Materials: Besta Shelf unit/height extension units. 1 single and 1 double.
In need of a mid century modern style media center to match the rest of my home but at a price that was reasonable, I created a unit using 2 Ikea Besta height extension units.
I started off with a single unit and a double unit and connected them together using the same hardware that is used in the Akurum kitchen cabinets together (I had some left over from the kitchen but it can be obtained for free from the hardware cabinet at your local Ikea).
I also used heavy duty glue as an extra bonding agent between them.
Once connected I bought some unfinished sheets of stain ready aspen wood, enough to cover the top, sides, bottom of the Besta cabinets and some additional trim and support. I measured and cut the wood to exactly flush cover the outside perimeter of the cabinets but leaving extra overhang on the face and rear of the piece. Once I had the wood cut, I roughed the exterior of the Besta cabinets that would be covered and applied glue and then placed on the cover pieces one at a time. Once a cover piece was in place I inserted the proper length screws from the inside of the cabinet outward to also secure the wood in place and to avoid having any hardware show from the outside. The exception is that on the bottom of the piece I put the screws in from the outside since they are not visible. It is imperative to drill pilot holes for any and all screws you put into an Ikea cabinet. I repeated this step with the top, sides and bottom. Once completed I measured and centered a smaller piece of aspen, about 2/3s the size in area, on the bottom of the cabinet to correspond with the position I wanted the legs.
I used glue and screws to again secure. This provides extra support in the center of the cabinet and allows for longer screws to be used to mount the legs. Once this was done I took some old pencil legs and angled mounting plates that I found on a trashed piece of furniture. I cut them a little shorter, being cautious to keep them even and to angle cuts to correspond with the angled mounting brackets. I then secured brackets and pencil legs into place. At this point I took the unit outside and sanded it first with a 150 grit sand paper, then a second sanding with a 220 grit. I tape and papered off all the white Besta cabinet that was showing, front and back, to protect from stain and spray. I cleaned the wood with alcohol to remove any dirt and grease, then treated the exposed wood with a pre stain conditioner. Once dried I applied a light coat of “Special Walnut” stain, then went over it to highlight the grain with a “Dark Walnut”. Once this was dry I sprayed the wood with a semi gloss aerosol lacquer. Once all was dry I then drilled 4″ holes in the top center of each segment through the back cover for cords and wires. The extra wood overhang on the back is excellent for tacking down wires so none hang. This was my hack. It took me 3 days.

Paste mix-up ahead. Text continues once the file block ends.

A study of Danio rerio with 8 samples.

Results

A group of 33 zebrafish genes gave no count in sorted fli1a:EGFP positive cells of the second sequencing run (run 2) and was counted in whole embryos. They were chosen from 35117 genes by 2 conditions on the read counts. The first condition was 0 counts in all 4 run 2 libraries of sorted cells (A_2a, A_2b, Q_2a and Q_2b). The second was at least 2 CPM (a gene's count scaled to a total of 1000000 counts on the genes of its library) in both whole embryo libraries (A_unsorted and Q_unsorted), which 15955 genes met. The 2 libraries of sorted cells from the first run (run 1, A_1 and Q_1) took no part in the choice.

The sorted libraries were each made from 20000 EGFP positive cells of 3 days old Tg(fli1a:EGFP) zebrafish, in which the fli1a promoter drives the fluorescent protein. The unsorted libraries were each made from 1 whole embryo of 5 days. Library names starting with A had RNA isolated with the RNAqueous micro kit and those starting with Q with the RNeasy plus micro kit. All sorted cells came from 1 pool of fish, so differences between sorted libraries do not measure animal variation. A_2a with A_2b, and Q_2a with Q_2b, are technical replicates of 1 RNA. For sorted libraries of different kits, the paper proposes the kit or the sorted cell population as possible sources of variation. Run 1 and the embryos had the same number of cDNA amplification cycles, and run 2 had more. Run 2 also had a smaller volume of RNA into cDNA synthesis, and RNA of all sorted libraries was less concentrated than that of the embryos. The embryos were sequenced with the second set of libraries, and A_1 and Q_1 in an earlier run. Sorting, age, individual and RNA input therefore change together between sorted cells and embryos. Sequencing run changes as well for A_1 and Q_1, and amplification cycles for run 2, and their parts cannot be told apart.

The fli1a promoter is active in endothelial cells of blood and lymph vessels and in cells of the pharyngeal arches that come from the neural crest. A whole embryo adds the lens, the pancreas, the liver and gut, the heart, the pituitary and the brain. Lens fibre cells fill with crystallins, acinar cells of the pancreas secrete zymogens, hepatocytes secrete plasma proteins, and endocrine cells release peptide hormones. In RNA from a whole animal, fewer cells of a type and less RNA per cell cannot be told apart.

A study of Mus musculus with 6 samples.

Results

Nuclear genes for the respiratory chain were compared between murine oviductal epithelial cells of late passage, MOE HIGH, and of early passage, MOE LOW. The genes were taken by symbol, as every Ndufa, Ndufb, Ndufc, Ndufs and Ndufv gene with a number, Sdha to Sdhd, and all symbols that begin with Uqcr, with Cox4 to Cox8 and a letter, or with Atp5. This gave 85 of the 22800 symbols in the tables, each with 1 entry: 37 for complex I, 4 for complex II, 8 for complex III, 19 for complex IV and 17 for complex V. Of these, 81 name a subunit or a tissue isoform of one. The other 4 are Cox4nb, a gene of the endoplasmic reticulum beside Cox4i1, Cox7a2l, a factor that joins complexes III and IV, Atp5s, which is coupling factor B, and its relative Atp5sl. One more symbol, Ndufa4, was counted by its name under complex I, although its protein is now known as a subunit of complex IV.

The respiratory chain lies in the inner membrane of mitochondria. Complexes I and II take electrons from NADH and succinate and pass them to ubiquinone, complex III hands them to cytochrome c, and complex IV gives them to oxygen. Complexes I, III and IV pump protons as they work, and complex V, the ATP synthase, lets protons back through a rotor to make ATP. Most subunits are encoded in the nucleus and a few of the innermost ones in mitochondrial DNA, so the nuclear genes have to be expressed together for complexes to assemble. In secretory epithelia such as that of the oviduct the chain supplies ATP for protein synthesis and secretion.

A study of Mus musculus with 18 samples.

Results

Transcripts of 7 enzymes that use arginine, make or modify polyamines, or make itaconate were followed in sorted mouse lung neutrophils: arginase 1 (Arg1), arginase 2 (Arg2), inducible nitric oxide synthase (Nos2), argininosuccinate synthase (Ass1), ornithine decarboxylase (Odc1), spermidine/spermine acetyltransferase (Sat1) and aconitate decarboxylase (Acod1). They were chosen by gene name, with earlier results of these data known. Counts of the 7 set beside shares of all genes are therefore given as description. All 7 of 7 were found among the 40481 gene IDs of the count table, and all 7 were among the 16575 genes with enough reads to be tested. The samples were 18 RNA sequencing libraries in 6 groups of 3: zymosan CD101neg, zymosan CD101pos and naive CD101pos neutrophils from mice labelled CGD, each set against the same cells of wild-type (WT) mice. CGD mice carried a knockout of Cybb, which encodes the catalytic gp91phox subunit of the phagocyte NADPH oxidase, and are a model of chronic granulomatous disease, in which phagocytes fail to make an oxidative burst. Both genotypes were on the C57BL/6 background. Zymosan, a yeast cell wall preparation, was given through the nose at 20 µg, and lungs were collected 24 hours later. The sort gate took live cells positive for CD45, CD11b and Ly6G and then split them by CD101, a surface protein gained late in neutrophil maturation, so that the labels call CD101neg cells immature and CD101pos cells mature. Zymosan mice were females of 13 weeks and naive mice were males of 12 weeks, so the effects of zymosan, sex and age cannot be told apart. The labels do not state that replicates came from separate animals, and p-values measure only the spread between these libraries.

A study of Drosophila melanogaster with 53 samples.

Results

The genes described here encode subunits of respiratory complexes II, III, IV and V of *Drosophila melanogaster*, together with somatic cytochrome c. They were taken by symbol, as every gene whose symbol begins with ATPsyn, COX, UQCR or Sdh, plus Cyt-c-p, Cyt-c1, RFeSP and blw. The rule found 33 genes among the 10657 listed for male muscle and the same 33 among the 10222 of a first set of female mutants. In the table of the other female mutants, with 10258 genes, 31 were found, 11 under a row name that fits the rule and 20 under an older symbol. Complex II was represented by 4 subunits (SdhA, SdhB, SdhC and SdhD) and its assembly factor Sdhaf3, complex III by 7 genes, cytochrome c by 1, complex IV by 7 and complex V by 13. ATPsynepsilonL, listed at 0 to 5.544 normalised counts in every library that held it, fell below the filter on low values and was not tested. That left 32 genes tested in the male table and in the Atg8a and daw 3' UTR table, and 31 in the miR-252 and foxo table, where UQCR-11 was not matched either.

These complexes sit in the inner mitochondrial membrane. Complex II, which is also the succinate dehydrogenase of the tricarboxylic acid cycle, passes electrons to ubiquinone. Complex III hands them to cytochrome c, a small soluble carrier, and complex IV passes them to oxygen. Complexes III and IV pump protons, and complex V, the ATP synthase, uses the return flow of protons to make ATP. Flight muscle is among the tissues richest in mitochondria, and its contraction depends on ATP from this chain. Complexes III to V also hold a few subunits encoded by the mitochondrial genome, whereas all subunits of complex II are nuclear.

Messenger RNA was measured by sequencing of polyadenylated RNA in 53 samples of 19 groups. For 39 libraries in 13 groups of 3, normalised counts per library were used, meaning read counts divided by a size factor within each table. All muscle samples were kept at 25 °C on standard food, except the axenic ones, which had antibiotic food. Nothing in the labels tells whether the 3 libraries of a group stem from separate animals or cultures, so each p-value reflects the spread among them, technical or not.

Jules Yap started IKEAHackers.net in 2006 as a personal blog to showcase the most impressive IKEA hacks from all over the world. Since then, she has learned a lot more about power tools and DIY. Her site has helped thousands modify IKEA furniture with step-by-step tutorials, craft projects and home styling.